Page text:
National Day song hits a few sour notes

SINGAPORE - Childish, corny and cheesy.

This year's National Day theme song One Singapore, instead of uniting people, has divided opinion. Officially launched by organisers last week, it has already been slammed by several listeners.

"It was probably intended to be catchy, but it comes across as too upbeat," said law student Lee Kang Lin, 22, adding that the creators were probably trying to appeal to a younger audience.

Netizens on music sharing site SoundCloud bashed the song for "trying too hard" and sounding too much like a "kids' song".

One Singapore was posted online by The Straits Times on Tuesday. By Thursday evening, it had been played more than 80,000 times and attracted over 300 comments, not all of them good.

"Singapore's worst natural disaster, coming 9th Aug," one user quipped.

Actress Selena Tan, who is the creative director of the National Day Parade show, wrote the song's lyrics. Her long-time collaborator and award-winning composer Elaine Chan, came up with the music for One Singapore.

Said Ms Tan: "I've been working in this industry for so many years, I think everybody is entitled to a comment... If they don't like the song that's perfectly fine."

Previously, the theme song was performed by local artists.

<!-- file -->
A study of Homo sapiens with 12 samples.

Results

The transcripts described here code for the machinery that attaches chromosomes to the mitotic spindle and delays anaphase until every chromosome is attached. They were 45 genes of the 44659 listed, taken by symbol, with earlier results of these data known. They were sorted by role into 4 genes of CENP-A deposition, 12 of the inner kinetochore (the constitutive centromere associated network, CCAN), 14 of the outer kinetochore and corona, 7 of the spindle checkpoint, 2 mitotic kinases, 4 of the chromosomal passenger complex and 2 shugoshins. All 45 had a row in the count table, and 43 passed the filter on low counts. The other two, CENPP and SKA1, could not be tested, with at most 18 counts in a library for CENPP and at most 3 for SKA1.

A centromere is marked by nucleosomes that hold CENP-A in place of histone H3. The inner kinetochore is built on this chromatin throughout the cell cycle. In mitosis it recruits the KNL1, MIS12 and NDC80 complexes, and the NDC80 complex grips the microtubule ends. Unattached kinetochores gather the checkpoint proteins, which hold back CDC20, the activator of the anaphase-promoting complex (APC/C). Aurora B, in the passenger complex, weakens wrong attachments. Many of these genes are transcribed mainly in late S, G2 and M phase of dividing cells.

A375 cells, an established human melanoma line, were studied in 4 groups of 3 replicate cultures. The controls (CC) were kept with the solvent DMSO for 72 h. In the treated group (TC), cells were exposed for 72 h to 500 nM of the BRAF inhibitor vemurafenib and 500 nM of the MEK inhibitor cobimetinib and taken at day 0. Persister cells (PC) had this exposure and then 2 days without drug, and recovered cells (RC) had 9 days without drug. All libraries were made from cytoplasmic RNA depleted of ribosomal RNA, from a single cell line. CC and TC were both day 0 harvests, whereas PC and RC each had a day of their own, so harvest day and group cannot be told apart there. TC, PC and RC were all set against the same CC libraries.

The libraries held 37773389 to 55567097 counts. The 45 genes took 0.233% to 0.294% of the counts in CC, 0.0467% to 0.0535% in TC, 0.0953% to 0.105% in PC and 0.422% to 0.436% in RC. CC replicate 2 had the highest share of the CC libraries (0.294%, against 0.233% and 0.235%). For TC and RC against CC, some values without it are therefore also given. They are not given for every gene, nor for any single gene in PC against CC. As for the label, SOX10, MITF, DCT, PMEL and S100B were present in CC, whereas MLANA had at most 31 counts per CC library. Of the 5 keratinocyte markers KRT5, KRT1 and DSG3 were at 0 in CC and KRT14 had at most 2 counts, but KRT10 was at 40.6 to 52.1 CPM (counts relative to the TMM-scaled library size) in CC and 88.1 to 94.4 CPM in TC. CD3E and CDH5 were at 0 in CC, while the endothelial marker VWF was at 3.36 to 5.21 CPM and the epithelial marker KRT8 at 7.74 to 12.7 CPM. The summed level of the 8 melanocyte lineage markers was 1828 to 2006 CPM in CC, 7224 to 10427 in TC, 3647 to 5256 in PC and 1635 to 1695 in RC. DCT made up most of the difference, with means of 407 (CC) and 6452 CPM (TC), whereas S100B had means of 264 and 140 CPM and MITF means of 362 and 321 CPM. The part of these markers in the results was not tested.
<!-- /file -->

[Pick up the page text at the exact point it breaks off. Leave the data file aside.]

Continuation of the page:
This time, it is being sung by a choir made up of 68 ordinary Singaporeans. Ms Tan explained that the song was written to reflect the diversity of the choir members, and that a ballad would not have allowed this.

"Also there have been many National Day ballads already. We wrote a song that is aspirational in sentiment and I believe every line to be simple and true."

One of the choir members, university student Irwin Fua, 26, said he was "disappointed but not disheartened" by the negative comments. He hopes people will listen to it a few times and not be "quick to make an opinion".

Said another choir member, student Ruth Mathews, 15: "When you keep listening, you'll hear different parts... and you'll realise it's so meaningful."

This year's National Day tune has the feel of an upbeat pop song, with a rap section in the middle. Some have questioned the need to have a new theme song every National Day.

"This year's song is too cheesy. I miss Home," said student Tow Ying Si, 15, referring to the 1998 National Day hit, sung by Kit Chan and composed by Dick Lee.

Added sales director Sharon Chew, 34: "We should build up the old favourites and use what works. At the same time, we can have super-creative songwriters, but their hands are tied if the people approving the songs have passe taste." 

But One Singapore has its fans.

University student Lim Yan Chun, 22, said: "Although the song is not quite like what we have been used to, I did enjoy it. I could feel Selena Tan's creative direction in the style."

The song even inspired human resources executive Tan Siling, 25, to do a solo cover version for a YouTube page belonging to her band, The Animal Parade.

She said: "While this year's NDP song is neither like an anthem nor an emotive ballad, it is meant to be uplifting and on some level, overly happy. It's probably not your average disgruntled Singaporean's cup of tea."